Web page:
The Children of Men is a work of dystopian fiction with religious overtones. PD James steps out of her usual realm of detective novels/mysteries to ponder what happens to relationships (among people, between people and government, between individuals and God) when the end of the world is immanent.
In 2021, it has already been 35 years since the last live human birth. For reasons that science has not been able to explain, humans worldwide have been unable to reproduce; they are simply no longer fertile. The world’s population is aging, and in England, a dictator known as the Warden rules with his council of five, providing protection, comfort and pleasure — at least for some. Theo Faron, historian and cousin to Warden Xan Lyppiatt, is 50, a loner and alone. He has spent his life assiduously avoiding any kind of relationship that would require him to be dependable and responsible. His marriage is over, his child is dead, and college life is slowly but surely dying. Unexpectedly, a young woman accosts him after a church service and asks to speak with him. Theo finds himself drawn into a conspiracy with revolutionary implications and, possibly, redemption for Theo and humankind.
The world that James has created is grim and depressing. With no children around for decades, schools have been repurposed, playgrounds dismantled. Children’s books and toys, with the exception of dolls, have disappeared. Some women keep dolls and treat them as children or raise cats as children, even having them christened. The elderly are encouraged to participate in ceremonies known as “quietus,” i.e., state-supported mass suicide. Physically and mentally healthy men and women are subjected to regular testing for fertility in the hopes of some sort of miracle. Order is maintained through brutal security measures, with criminals of all kinds being incarcerated together on a remote penal colony on the Island of Man, where chaos reigns. Imported slave laborers, called Sojourners, do the dirty work of England, caring for the elderly and ill, doing hard physical labor. The Omegas, the last generation, the young ones, are beautiful but harsh and cruel. They have been pampered and given everything, which only feeds their arrogance. The Warden and his Council are very popular among the masses for maintaining order and providing comfort; there is food, electricity, entertainment. People are assured that they will be safe until the end.
Theo, when we meet him, is simply existing. He seems to have accepted fate and as we learn from his personal flashbacks, much of his fate has to do with his own personal decisions. We learn about his childhood summers with his cousin Xan. They were close and enjoyed many good times together even though they had different ambitions. Xan included Theo as an advisor to his council, but Theo felt useless there and left, much to the delight of council members. We also learn about Theo’s marriage and the fate of his daughter. Theo has been a disaffected and somewhat alienated man; he is resigned to the seeming fate of the world until a chance meeting with Julian, a young woman who briefly attended one of his seminars, shakes him up. Julian is part of a small revolutionary group, the Five Fishes, who want to change the system: eliminate quietus, get rights for Sojourners, reform the penal colony, end fertility testing and bring back democratic government. Julian hopes that Theo can help them by getting them an audience with Xan. Theo is skeptical that 1) he can get them a meeting and 2) any kind of change could ever occur anyway. He tells Julian that he will observe a quietus and then let her know if he will help. This unleashes a series of events that will transform Theo and involve him in great danger and violence as he falls in love with Julian.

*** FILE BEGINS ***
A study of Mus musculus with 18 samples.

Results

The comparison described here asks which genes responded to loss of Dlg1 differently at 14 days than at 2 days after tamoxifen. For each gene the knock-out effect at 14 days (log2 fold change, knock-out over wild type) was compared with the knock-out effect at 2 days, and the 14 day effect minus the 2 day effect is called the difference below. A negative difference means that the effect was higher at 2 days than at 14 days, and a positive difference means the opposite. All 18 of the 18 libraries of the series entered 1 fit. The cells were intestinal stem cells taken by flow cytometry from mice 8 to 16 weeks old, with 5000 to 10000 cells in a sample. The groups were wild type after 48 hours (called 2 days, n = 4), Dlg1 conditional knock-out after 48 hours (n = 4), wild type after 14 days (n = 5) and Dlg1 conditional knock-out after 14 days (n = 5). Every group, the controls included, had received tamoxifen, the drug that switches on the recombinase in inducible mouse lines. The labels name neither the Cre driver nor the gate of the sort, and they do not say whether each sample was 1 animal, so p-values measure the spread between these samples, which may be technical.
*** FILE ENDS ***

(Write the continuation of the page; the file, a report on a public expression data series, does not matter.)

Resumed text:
The great question that James poses the reader is what should we pursue in life: comfort and protection or justice and compassion? Toward which side should one err? Theo, ever the voice of reason and a doubter, sees no reason to struggle and die for a more just society when it is dying anyway. He points out that in 15 years, 90% of England’s population will be over the age of 80, and many of the issues the Five Fishes are fighting for will be irrelevant. Julian, the voice of faith, responds that she must fight for justice and compassion, that it is better to die having lived as human beings and not as Devils.
James’ incorporation of Biblical images in her story is done in a subtle rather than heavy handed or slavish manner. She gives us persecution and flight, self-sacrifice, betrayal, and a few other fine scenes that cannot be mentioned for fear of spoiling the plot. As Theo begins to change his way of thinking, he offers this quote, which is reminiscent of the obstacles facing the early Christians:
…the whole situation was one of paradox. Could ever aims and means have been so mismatched? Had there ever been an enterprise of such immense importance embarked upon by such frail and pathetically inadequate adventurers?
The end of the novel took me a bit by surprise, especially for a dystopian novel. I think it would generate some lively discussion in a group. One character comments, “So it begins again.” I believe “it” could refer to more than one thing. And is this a matter for rejoicing or for concern? Perhaps we should consider that every day, while the world is dying, we have an opportunity to begin again, to right wrongs, to worry less about personal comfort and more about justice. To live as human beings and not Devils. That’s something worth pondering these days.